Quick Takes: U.S. Archivist Moves to Protect Access to Records, Mich. Court Allows Disk Jockey's Suit, Survey Calculates Colleges' Recruiting Costs, Faculty Unrest at Harvard Design School, False Alarm at Ohio U.
Submitted by Doug Lederman on March 3, 2006 - 4:00am
The archivist of the United States, Allen Weinstein, on Thursday ordered a moratorium on intelligence agencies reclassifying documents that have already been declassified at the National Archives and Records Administration. The practice of reclassifying such documents, revealed last month by The New York Times, infuriated historians and other scholars. Weinstein's actions pleased scholars, but the response by intelligence agencies -- who generally have more clout in the Bush administration than do archivists or historians -- is unclear.
The general manager of Eastern Michigan's University's radio station can be sued by a former disk jockey who says he was fired for making comments supportive of the war in the Iraq and for criticizing National Public Radio's coverage of the war, the Michigan Court of Appeals has ruled. A lower court had thrown out Theron E. Hughes's lawsuit, saying that the general manager, Arthur Timko, was protected by qualified immunity. But the appeals court said immunity did not apply because the general manager "had fair warning that terminating [Hughes] because of his speech would violate plaintiff’s constitutional rights."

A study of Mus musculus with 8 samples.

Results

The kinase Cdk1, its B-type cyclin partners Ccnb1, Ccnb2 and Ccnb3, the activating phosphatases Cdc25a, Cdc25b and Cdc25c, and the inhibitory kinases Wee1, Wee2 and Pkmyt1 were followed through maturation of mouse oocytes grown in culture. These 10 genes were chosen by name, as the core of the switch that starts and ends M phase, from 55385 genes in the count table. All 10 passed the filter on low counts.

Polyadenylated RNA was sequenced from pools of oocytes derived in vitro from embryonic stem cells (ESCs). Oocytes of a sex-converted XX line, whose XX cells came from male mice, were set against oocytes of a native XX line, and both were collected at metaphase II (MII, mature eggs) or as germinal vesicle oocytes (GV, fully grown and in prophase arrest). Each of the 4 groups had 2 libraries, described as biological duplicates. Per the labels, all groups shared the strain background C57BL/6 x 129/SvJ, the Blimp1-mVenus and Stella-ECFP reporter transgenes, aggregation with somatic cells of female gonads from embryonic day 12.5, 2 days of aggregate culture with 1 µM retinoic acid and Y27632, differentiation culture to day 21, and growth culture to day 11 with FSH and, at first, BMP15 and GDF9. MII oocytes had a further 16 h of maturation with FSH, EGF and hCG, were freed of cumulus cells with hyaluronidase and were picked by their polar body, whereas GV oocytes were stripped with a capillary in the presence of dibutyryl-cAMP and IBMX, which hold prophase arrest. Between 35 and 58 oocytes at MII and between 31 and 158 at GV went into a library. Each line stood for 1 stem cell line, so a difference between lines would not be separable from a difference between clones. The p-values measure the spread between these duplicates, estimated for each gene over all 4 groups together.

Four-year private colleges spent four times as much to recruit the typical student in 2005 as did four-year public colleges, and nearly 30 times as much as public community colleges did, according to a survey by Noel-Levitz. The median cost per student declined slightly for four-year public institutions ($455) and rose slightly for four-year private institutions ($2,073), the company found.
The dean of Harvard University's Graduate School of Design is facing pressure from faculty members to quit, but the Harvard Corporation is backing him and trying to avoid another public dispute, The Boston Globe reported. The newspaper said that Alan Altshuler, the dean, is apparently unpopular because he was appointed by Lawrence H. Summers, who is seen as a critic of modern architecture, and because Altshuler's background is in urban policy, not architecture or design. The dean has also worked to deal with a deficit and to push professors to spend more time teaching, The Globe said.
Authorities at Ohio University evacuated buildings and used a special hose on a bike Thursday after they noticed a sticker on the bike that said "This Bike Is a Pipe Bomb," The Columbus Dispatch reported. The bike was actually just a bike, and the sticker refers to the name of a band. A graduate student who owns the bike now faces criminal charges of inducing panic, according to the newspaper.